Currently most build systems have two sources for build dependencies; A remotely hosted source (e.g. maven central, internal build cache on a server), or a local on-disk cache, but many development groups have another potential source which doesn’t seem to be being used at the moment; other developers on the same LAN, which is why I started thinking about implementing a peer-to-peer caching system and I’m putting the idea out there for discussion (so comment away if you have an opinion).
Many developers work with other, physically co-located, developers on fast LANs (either WiFi or wired), all of which share a much slower connection out to the internet or a server farm. When a dependency changes in an app or a library they’re working with all of the developers machines will go over the slow link and fetch the files necessary to complete the build, meaning multiple fetches of the same thing over a slow link. There are existing ways to work around this, but it usually involves setting up a local HTTP proxy which probably won’t be able to cache HTTPS data, and so any dependencies linked to via the HTTPS protocol will still be fetched multiple times.
We already have a solution for distributing download load; BitTorrent, so what I’m looking at doing is use BitTorrent (or a similar protocol) to locally distribute any dependencies which another machine on the LAN has downloaded.
The initial approach will use a network broadcast to see if any other machines on the local subnet have already downloaded all, or part, of the dependency. This will generate either no responses, in which case that lucky machine gets to be the first to download the dependency from the original source, or it will generate one or more responses containing the following information;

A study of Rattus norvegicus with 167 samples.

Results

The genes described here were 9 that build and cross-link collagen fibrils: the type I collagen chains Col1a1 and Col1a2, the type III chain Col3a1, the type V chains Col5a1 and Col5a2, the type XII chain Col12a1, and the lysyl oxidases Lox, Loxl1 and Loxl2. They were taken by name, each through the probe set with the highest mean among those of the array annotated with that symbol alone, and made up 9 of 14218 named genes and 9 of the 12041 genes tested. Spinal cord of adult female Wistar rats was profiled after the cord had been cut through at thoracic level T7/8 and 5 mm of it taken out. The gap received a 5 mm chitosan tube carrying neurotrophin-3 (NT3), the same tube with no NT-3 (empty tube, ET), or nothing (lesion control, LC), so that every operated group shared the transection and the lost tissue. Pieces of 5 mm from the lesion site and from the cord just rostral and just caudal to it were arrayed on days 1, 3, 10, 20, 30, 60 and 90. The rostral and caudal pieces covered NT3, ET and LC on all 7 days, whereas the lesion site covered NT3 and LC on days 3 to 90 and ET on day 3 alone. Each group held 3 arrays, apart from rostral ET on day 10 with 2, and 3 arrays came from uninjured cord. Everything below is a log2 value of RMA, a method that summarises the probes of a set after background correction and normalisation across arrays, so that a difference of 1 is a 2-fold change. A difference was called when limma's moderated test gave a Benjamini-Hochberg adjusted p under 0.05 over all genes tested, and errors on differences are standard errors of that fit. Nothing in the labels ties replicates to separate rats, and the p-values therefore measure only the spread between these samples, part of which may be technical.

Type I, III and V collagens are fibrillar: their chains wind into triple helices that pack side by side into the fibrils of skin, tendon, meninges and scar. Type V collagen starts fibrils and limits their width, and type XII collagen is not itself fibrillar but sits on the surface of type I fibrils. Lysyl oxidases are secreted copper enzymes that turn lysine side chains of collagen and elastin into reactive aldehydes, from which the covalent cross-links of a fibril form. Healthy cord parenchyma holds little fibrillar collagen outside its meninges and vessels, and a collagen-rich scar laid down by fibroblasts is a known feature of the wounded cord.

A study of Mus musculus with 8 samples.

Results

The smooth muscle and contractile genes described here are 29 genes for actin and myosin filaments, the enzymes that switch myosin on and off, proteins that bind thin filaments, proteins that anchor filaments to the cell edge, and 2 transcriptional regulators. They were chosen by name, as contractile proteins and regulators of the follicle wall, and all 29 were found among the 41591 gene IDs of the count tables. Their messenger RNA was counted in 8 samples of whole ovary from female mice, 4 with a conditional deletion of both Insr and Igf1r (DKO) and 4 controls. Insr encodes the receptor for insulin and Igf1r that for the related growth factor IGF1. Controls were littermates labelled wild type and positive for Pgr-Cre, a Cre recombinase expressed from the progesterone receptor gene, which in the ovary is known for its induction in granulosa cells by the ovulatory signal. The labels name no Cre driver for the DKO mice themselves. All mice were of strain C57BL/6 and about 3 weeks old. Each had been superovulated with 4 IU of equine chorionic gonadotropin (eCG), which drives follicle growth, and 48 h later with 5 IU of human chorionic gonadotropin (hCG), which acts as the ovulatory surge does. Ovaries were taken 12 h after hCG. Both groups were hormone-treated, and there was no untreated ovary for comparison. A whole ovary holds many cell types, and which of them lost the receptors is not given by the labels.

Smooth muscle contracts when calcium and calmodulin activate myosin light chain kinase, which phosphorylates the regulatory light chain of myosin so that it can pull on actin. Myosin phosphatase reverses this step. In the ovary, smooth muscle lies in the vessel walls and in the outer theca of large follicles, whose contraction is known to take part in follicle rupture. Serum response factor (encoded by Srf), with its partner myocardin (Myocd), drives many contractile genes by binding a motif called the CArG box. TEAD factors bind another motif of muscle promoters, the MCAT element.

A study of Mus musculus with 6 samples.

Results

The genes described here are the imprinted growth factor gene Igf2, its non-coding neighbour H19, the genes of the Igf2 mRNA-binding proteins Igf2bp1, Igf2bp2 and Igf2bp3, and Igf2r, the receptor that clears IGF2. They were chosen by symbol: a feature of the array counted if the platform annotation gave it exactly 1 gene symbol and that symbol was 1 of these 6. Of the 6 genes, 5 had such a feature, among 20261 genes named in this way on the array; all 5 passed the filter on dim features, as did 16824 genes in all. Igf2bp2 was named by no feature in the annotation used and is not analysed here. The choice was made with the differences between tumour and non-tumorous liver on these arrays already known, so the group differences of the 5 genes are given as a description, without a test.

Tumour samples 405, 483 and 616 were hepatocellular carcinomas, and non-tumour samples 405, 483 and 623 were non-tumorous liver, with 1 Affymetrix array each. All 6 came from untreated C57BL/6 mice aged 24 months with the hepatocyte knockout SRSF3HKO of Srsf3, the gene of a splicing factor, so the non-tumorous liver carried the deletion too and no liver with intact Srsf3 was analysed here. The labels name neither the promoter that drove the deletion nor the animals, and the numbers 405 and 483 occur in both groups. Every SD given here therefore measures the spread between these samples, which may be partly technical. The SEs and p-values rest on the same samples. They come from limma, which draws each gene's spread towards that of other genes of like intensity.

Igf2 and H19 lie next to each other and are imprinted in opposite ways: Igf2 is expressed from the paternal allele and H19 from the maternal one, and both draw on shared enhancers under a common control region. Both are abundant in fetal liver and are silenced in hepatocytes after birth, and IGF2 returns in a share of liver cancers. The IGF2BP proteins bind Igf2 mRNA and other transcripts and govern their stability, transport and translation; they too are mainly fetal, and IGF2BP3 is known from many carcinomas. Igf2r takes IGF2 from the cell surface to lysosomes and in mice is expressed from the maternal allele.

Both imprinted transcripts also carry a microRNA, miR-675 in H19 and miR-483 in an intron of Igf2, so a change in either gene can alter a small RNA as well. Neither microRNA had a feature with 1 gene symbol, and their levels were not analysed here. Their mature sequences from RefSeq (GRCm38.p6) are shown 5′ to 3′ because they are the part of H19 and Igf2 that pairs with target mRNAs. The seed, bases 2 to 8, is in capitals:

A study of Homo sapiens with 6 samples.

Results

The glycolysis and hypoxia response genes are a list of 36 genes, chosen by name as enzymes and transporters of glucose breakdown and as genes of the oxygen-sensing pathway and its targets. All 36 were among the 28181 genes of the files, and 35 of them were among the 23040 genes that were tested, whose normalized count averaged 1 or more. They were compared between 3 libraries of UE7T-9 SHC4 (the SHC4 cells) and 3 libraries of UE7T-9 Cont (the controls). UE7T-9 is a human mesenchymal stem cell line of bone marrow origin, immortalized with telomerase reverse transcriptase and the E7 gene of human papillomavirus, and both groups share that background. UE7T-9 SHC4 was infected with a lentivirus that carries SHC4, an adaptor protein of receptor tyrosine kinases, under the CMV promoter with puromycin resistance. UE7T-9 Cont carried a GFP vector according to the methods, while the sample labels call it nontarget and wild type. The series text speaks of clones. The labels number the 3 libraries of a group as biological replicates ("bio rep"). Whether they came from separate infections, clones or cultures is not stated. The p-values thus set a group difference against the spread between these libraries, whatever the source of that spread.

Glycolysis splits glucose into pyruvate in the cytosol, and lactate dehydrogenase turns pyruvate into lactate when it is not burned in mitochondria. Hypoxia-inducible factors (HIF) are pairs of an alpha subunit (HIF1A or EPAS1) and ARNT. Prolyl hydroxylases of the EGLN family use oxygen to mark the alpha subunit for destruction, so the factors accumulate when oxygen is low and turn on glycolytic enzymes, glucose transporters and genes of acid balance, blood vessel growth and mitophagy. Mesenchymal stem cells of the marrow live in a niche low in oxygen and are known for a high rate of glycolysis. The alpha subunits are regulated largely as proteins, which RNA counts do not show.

– The other machines “load” (i.e. its ability to serve requests)
– The number of chunks the dependency has been split into (using a predictable formula to ensure all clients split a dependency into the same number of chunks).
– The chunks which the responding machine can serve to its peers.
This triggers the following process on the client which needs to download the dependency;
– Sort the list of chunks by scarcity based on the responses it has received (i.e. find which chunks are on the fewest machines).
– For each chunk identify which of the responding machines has the lowest load.
– Start downloading a number of chunks in parallel from the machines with the lowest load for those chunks which have the lowest availability.
– If there are multiple chunks with the same scarcity value, prioritize downloading the chunks which can be served by a machine with the lowest load.
If the dependency is a large one, the client may rebroadcast the request at intervals during its download to update its list of chunk scarcity and peer load.
Beyond the thunderLAN
Due to the initial implementation being based on a network broadcast this will mean the ability of the system to work in certain environments will be limited (e.g. where client isolation is used, or where machines are split over multiple separate subnets). A future extension could introduce the use of something like the tracker part of the BitTorrent protocol which would provide a synchronizing server to allow peers to communicate between different LANs.
This post was sparked by a “down the pub” conversation with Simon Stewart.